The Supreme Court on Thursday fixed May 17 to deliver judgment on the suit seeking to set aside the six-count charge of non-assets declaration against the suspended Chief Justice of Nigeria (CJN), Walter Onnoghen.
The suit filed by the Attorney General of Cross River State on behalf of the state government is challenging the suspension and trial of Mr Onnoghen at the Code of Conduct Tribunal (CCT).
Mr Onnoghen is from Cross River State.
The suit marked SC/45/2019 and dated January 22, 2019, has the Federal Republic of Nigeria (FRN) and the Attorney General of the Federation (AGF) as defendants.
But the Federal Government has asked the apex court to dismiss the suit as the plaintiff has no right to institute it.
When the matter came up for hearing on Thursday, counsel for the plaintiff, Locius Nwosu (SAN), adopted his brief of argument, urging the court to grant the reliefs sought by the state.
On his part, counsel representing the defendants, Dayo Akpata argued his notice of preliminary objection urging the court to dismiss the suit on the ground that the plaintiff lacked the to institute right the action.
In a notice of preliminary objections filed by the AGF, Abubakar Malami, the Federal Government further challenged the jurisdiction of the court to entertain the matter on the grounds that “there is no dispute between the defendants in this suit and the plaintiff as envisaged under section 232(1) of the 1999 constitution (as amended)”.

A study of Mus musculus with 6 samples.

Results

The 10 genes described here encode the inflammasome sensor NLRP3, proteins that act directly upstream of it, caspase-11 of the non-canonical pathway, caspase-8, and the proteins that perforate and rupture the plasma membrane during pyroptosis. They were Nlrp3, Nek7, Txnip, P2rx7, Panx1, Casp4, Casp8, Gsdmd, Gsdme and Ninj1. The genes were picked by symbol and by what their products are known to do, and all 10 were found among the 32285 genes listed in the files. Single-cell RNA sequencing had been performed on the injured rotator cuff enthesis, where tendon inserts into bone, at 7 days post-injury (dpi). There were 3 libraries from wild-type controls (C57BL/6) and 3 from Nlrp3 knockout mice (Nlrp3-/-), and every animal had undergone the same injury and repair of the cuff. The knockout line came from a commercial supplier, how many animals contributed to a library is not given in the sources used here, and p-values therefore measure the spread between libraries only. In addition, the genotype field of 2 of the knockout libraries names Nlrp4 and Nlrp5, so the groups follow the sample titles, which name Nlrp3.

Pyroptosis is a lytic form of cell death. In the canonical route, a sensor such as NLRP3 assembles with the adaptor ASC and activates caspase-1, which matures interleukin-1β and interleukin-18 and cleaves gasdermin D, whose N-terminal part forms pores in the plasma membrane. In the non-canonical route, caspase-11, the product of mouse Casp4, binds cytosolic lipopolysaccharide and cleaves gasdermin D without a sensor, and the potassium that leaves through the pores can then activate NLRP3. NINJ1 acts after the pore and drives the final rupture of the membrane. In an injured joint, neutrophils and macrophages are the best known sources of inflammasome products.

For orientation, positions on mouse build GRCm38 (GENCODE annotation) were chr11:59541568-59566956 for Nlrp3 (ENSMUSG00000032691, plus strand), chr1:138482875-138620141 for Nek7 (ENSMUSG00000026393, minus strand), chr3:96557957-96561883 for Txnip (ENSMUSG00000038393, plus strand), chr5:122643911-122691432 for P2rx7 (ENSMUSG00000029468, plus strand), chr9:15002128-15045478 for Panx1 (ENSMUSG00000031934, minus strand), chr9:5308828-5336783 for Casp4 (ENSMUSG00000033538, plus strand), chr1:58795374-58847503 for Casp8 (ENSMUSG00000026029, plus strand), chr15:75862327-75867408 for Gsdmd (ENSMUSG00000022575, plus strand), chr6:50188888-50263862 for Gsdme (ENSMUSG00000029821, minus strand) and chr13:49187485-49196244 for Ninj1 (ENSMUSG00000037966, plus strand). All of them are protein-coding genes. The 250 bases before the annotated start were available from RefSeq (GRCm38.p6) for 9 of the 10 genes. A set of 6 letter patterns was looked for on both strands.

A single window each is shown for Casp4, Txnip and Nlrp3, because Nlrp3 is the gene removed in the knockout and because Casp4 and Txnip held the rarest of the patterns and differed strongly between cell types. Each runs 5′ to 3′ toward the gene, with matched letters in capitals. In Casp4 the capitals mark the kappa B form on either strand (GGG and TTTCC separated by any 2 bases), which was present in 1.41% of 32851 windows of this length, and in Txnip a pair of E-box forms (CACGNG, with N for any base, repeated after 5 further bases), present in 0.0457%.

It is also the contention of the Federal Government that “the subject matter of this suit is personal to Hon. Justice Onnoghen Nkanu Walter Samuel and does not in any way affects the Cross River State government as to confer it with the locus to institute this suit.
“The reliefs and claims made herein by the plaintiff are not for the benefit of Cross River State but personal to Hon Justice Onnoghen Nkanu Walter Samuel.”
Mr Akpata informed the apex court that the subject matter of the suit is already before the Court of Appeal which has reserved judgment.
He submitted that the action of the Cross River State amounted to “forum shopping and an abuse of court process.”
Regardless, Mr Nwosu insisted that the case of his client is different from the appeal filed by Mr Onnoghen at the Court of Appeal.
“My lords, the suit is not about Justice Onnoghen but about the interpretation of the constitution.
“It is for the interpretation of the provisions of the 1999 constitution, particularly sections 4,5,6, 153(1), 158(1), Paragraph 21(b) of Part 1 of the Third Schedule of the 1999 constitution (as amended), the purported filling of the charge in charge No. CCT/ABJ/01/19 between FGN vs Hon. Justice Onnoghen Nkanu Walter Samuel before the Code of Conduct Tribunal against a Judicial officer who in this case is the Chief Justice of Nigeria, without any formal complaint having been made against him to the National Judicial Council (NJC) robbed the tribunal of jurisdiction to try the charge, and all the proceedings relating thereto are null and void, a nullity.”
After taking all the arguments for and against the suit, the seven-member panel led by Bode Rhodes Vivour accordingly adjourned the case to May 17 for judgment.
Other Justices of the panel include Olukayode Ariwoola, Mary Odili, Kudirat Kekere-Ekun, Musa Mohammed and Dauda Sidi.
Mr Onnoghen was taken to the CCT on January 14, for failing to declare his bank accounts used for the transfer of foreign currencies after his appointment as CJN.
Mr Onnoghen pleaded not guilty to the allegations and was released on bail on self-recognition.
His trial is expected to resume before the CCT on March 11.